Bally Fitness accused of falsely charging former customers

Bally Fitness accused of falsely charging former customersTexas Attorney General Greg Abbott has accused Bally Total Fitness Corp. with misleading former customers into paying past due membership fees they didn't owe.

According to the Abbott's investigation, between summer 2009 and March 2010, Bally mailed more than 11,000 misleading past due notices to former members, creating a false impression that they owed the fitness center money. The notices were actually an attempt by Bally to encourage the former customers to rejoin the gym.

The investigation found that more than 1,000 Texans made payments to Bally after receiving the past due notices. However, when former members contacted company representatives, they were told that the notices were not part of a collection effort but an attempt to get the members to renew their memberships. In all, about 11,000 people received notices, Abbott spokesman Tom Kelley told Consumer Ally.

"You're making a claim to a former member misleading that consumer and making that person pay an amount he or she doesn't owe," said Kelley. "It's clearly a deception."

Kelley said former members were essentially given a sales pitch when they called to inquire about the notices they received. He added that he had not seen this type of tactic used by a company before.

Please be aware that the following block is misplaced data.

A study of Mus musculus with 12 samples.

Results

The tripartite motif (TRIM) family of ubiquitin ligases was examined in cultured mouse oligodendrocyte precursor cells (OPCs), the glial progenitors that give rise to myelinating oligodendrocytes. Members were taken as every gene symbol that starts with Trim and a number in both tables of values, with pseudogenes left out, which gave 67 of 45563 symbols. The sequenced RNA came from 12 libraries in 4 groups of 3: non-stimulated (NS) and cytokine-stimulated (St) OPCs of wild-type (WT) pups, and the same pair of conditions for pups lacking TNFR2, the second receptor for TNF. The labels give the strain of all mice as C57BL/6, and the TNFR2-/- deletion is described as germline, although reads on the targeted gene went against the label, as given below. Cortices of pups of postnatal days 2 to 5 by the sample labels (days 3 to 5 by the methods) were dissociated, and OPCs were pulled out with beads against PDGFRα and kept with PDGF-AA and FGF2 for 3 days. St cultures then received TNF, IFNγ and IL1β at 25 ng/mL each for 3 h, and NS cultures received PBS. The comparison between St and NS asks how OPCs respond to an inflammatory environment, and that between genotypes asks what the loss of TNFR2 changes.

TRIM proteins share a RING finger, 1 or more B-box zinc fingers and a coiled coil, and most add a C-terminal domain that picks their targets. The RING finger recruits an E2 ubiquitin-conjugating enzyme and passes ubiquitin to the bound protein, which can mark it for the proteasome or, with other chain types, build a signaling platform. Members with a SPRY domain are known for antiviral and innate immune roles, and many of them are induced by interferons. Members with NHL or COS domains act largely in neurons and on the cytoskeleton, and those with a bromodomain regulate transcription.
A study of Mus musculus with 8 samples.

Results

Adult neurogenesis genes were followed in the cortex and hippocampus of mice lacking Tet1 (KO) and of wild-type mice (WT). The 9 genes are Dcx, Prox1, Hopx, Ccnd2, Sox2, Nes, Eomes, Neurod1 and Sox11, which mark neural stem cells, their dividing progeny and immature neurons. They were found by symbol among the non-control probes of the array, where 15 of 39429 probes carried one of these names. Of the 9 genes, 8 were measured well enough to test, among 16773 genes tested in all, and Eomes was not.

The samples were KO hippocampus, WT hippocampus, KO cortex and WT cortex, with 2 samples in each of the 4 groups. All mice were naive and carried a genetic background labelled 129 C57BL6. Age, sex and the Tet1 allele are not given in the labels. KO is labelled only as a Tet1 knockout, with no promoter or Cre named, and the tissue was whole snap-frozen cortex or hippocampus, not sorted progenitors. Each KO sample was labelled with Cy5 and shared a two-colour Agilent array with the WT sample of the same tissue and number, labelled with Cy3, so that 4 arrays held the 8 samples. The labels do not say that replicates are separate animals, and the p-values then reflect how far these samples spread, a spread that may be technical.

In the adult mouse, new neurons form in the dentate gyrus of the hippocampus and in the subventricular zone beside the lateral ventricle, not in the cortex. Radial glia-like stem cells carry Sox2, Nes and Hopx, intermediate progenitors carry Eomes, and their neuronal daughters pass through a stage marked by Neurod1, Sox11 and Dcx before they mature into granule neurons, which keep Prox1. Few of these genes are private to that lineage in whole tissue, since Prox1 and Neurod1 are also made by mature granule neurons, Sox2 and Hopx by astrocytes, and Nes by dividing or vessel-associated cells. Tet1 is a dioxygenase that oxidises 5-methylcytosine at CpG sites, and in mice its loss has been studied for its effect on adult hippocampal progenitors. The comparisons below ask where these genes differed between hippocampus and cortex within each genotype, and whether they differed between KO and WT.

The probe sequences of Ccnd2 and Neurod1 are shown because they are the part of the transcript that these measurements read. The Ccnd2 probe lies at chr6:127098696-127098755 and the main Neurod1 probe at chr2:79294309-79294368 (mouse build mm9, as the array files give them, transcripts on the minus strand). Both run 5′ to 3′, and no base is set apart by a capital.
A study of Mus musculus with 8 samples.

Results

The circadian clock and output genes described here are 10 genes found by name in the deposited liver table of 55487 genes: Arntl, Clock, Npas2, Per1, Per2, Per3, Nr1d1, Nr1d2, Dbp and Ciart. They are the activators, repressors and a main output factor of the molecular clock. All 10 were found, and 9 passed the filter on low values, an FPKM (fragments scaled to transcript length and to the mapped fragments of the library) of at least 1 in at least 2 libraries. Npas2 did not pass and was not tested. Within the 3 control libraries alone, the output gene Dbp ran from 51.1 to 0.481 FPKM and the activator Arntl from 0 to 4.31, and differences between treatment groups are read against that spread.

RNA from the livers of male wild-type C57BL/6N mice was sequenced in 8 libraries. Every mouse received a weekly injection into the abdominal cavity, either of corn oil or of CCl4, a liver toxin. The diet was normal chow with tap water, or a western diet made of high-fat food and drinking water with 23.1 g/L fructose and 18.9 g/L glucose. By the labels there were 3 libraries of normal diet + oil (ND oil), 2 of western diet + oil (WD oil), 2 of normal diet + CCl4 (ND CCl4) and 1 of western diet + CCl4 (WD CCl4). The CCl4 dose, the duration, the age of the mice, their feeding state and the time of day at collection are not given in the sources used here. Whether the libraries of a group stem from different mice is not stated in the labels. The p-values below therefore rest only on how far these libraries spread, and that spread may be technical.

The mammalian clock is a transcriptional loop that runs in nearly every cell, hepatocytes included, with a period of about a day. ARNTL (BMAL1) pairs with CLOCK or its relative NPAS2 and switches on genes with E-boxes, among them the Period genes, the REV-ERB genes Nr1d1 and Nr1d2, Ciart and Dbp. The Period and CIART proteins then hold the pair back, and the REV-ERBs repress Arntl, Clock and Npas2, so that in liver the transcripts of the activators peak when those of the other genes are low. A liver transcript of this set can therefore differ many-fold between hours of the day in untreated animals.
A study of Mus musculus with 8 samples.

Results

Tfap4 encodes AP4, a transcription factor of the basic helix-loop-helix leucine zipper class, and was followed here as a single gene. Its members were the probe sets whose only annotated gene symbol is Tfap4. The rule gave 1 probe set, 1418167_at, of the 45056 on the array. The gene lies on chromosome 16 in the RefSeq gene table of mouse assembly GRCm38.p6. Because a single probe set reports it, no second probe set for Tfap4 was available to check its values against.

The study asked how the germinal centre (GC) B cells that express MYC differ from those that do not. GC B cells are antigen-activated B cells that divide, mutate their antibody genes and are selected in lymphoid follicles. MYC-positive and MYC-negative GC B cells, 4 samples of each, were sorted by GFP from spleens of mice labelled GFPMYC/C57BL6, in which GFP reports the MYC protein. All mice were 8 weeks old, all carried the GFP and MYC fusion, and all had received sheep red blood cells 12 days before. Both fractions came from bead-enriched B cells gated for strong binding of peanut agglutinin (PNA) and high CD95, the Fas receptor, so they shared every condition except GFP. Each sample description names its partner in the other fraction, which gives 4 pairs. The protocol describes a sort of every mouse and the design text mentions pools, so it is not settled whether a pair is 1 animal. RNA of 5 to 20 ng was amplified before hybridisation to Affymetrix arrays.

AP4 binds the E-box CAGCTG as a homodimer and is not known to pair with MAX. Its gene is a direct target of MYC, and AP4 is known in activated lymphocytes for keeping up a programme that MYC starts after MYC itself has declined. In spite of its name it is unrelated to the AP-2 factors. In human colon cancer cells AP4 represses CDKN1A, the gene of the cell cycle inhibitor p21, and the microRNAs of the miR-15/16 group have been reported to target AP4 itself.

The notices sent by Bally claimed that recipients owed at least one month's overdue fees and that they had to pay those fees immediately to avoid future start-up fees. Some notices also warned former members that not paying their dues could hurt their credit report.

Pete Marino, a spokesperson for Bally, issued the following statement to Consumer Ally.

"While we review the terms of the lawsuit, we are working with the attorney general's office to reach a swift and amicable resolution," Marino said. "Bally prides itself on being a consumer-centric organization and we continue to implement new procedures that will ehance communications with our members."

The AG's office is seeking civil penalties of up to $20,000 for each violation of the Texas Deceptive Trade Practices Act and restitution for former customers who mistakenly paid.

Bally is based in California and operates 24 fitness centers in and around the Dallas, Houston and San Antonio areas.